Outside view: Nalchik shakes Russian elite
By Vasily Kononenko
Oct 18, 2005, 19:00 GMT
MOSCOW, Russia (UPI) -- The bloodbath in Nalchik has upset the Russian political elite. In terms of its toll of dead and wounded the attack by numerous Islamic militants is comparable only to the Beslan tragedy in North Ossetia of Sept. 1, 2004. Early comments on what happened on Oct. 13-14 in Kabardino-Balkaria sound gloomy: If militants are continuing massive attacks despite a heavy troop presence in the area, the law enforcement system is either sick or incapacitated. These views are shared by State Duma deputies, including those from the North Caucasian republics, and many political analysts. Here are some of them.
Gennady Gudkov, member of the State Duma`s security committee, United Russia, says: 'Let our law enforcement bodies clean up their act. Corruption is cause No.1'
Zarubi Nakhushev, State Duma deputy from Kabardino-Balkaria, United Russia, says: 'Some members of the Jamaat (an extremist Wahhabi organization) were first detained by law enforcement officers but later released ... Understandably, for money.'
Alexander Sharavin, director of the Institute for Political and Military Analysis, member of the Academy of Military Science, says: 'Corruption in the North Caucasus is so widespread that no power vertical is in a position to wipe it out. A general-governorship could help -- at least until life returns to normal.'
Viktor Ilyukhin, member of the State Duma`s security committee, says: 'What happened in Nalchik was an insurgency to seize power. We cannot sit idle while the North Caucasus is being forcibly wrested from Russia. We should reinforce our security agencies and administration.'
But general assessments of the situation in the North Caucasus differ radically from the cause-effect logic just set out. Many politicians, including those in the West, immediately recalled that President Vladimir Putin began setting up his power vertical right after the Beslan tragedy, with gubernatorial appointment as its key element.
The following conclusion is drawn: The Nalchik attack is the last proof that the measures adopted by the Kremlin following Beslan do not work. Some hot heads rushed to offer the North Caucasus self-determination, up to and including a sort of 'Islamic caliphate.' In effect, exactly what has been sought over the past 10 years by Wahhabis and Chechen separatists. They have been eyeing this nice and neat republic since 1996 to implode it.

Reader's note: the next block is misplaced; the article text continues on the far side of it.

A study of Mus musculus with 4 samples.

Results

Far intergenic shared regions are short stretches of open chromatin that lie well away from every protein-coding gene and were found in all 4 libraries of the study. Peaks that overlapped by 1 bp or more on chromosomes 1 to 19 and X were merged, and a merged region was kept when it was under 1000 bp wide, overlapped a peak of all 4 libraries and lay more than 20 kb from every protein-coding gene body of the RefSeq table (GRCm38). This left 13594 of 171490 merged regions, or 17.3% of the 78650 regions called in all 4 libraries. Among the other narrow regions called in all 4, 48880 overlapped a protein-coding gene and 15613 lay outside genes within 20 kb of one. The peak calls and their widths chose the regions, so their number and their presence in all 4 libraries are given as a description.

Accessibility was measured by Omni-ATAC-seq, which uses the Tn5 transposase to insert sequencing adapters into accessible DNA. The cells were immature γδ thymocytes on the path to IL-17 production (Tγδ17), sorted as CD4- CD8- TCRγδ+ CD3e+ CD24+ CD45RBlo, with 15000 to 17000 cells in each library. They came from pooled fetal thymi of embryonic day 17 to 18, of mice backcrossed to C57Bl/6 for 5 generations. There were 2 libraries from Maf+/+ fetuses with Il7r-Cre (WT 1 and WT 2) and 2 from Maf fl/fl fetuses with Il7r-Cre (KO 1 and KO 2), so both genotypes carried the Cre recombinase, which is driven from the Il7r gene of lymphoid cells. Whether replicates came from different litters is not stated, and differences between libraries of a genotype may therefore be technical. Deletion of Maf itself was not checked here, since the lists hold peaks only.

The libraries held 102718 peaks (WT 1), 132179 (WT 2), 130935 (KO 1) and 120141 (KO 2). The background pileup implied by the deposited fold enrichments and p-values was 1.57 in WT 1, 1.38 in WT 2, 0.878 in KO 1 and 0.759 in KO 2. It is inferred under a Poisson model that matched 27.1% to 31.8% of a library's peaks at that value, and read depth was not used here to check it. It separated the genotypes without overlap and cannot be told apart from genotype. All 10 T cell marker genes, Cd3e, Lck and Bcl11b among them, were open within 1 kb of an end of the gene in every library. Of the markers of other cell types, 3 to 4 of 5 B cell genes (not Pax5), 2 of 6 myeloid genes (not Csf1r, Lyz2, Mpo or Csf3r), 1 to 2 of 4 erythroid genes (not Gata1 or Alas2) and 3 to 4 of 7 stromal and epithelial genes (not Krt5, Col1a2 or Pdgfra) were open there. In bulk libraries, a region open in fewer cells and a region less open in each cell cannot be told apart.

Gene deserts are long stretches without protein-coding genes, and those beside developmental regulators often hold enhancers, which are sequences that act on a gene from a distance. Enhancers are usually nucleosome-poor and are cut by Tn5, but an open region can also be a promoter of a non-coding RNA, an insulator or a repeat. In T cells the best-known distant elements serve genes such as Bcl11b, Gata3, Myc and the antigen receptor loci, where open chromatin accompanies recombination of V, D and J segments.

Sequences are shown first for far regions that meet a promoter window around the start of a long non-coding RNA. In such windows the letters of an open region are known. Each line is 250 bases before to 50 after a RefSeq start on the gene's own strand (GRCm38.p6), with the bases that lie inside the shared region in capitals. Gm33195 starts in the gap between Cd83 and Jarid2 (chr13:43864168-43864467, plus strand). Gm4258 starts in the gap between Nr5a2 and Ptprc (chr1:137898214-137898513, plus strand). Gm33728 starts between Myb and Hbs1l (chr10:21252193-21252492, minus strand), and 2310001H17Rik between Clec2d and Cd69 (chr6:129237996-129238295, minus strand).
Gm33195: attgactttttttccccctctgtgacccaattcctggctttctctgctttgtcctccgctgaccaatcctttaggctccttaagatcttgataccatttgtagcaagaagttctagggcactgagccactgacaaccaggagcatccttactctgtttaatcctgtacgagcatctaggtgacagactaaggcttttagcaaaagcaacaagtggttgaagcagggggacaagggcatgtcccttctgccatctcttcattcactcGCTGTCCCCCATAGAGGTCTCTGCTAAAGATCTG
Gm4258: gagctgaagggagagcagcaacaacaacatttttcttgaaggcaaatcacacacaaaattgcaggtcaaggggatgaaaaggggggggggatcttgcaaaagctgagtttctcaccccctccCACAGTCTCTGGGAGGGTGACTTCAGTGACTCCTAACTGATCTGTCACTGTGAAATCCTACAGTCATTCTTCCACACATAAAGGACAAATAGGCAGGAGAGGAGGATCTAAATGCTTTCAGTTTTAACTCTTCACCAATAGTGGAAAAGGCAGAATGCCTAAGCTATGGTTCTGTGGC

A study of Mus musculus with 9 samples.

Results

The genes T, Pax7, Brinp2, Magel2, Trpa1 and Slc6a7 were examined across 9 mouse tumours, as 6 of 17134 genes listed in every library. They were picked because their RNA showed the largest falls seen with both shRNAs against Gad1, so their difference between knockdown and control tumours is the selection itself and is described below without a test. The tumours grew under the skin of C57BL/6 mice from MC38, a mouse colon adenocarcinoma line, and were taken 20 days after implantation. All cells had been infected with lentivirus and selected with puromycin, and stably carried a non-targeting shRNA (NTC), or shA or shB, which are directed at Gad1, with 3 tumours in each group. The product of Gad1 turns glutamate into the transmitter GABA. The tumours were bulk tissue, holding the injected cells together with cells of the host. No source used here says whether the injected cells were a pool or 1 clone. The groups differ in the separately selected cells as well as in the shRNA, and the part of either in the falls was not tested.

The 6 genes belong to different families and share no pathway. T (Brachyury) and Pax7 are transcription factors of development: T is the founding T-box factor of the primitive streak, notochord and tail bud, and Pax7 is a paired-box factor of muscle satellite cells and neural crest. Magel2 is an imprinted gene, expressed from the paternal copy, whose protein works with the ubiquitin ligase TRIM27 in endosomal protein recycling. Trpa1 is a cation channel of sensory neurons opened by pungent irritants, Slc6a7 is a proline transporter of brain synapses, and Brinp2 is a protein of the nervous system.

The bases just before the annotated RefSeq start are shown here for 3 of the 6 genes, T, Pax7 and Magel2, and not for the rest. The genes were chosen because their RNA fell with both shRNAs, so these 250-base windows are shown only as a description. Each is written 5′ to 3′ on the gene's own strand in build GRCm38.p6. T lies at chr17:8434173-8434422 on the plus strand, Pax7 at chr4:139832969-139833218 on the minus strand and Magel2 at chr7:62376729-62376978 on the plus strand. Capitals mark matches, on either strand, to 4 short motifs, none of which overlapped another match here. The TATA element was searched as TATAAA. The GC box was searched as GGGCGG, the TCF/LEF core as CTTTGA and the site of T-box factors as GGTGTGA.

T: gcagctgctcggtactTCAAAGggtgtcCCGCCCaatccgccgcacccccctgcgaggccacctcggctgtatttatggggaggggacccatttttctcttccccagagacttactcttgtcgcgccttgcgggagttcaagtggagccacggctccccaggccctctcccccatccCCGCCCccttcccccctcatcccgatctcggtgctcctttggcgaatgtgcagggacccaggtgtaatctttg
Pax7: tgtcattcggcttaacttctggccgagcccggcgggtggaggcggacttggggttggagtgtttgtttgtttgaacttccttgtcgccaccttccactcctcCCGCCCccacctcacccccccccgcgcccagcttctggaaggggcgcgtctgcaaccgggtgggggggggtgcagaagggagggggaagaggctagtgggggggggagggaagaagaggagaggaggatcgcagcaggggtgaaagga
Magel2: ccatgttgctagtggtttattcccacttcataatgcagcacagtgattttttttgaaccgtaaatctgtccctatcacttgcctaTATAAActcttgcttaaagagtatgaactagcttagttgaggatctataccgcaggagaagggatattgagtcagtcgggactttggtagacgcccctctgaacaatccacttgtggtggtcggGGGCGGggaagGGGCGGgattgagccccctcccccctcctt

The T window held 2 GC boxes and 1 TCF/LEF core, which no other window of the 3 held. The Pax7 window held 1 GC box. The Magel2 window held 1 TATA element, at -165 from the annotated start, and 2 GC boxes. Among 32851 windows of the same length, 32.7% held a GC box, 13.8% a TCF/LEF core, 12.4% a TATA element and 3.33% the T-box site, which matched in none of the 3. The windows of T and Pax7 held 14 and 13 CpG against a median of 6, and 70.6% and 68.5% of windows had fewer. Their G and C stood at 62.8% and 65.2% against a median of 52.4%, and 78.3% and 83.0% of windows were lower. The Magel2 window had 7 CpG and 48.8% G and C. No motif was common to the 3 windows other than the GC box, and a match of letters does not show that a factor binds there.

On Oct. 19, the Russian State Duma is to meet in a closed session to look into the Nalchik tragedy. Deputies, mainly from opposition parties, summoned representatives of law enforcement bodies to account for their failures. As before, there will surely be enough reproaches for incompetence and 'absence of a consistent ethnic policy in the North Caucasus.' But no public flogging can radically remedy the situation. At the root of the problem lies the federal administration`s inability to put the local clans under control. This specific, closed system of ruling by local clans in the North Caucasian republics now stands in the way of an elementary civilized order in the region. <!--page-->
Last summer some excerpts from a report drawn up for the president by presidential envoy to the Southern Federal District, Dmitry Kozak, leaked into the press. The report summed up six months of the man`s stay in the area.
Kozak describes the situation there as follows: 'Corporate interests in power structures have monopolized political and economic resources,' the report says. 'In all North Caucasian republics, people who hold leading positions in administration and the economy are blood-related. As a result, the system of checks and balances does not work here, and corruption is rife. ... Unchecked administrative command breeds public apathy. In many Federation members of the region administrations are lacking grass-roots support.'
These are the disheartening conclusions made by one of Putin`s most trusted men. Soon afterwards, the president met in conference with North Caucasian republican leaders, and the words 'clans' and 'corruption' were bandied about freely before TV cameras.
(Vasily Kononenko is a political commentator for the RIA Novosti news agency. This article is reprinted by permission of RIA Novosti.)
(United Press International`s 'Outside View' commentaries are written by outside contributors who specialize in a variety of important issues. The views expressed do not necessarily reflect those of United Press International. In the interests of creating an open forum, original submissions are invited.)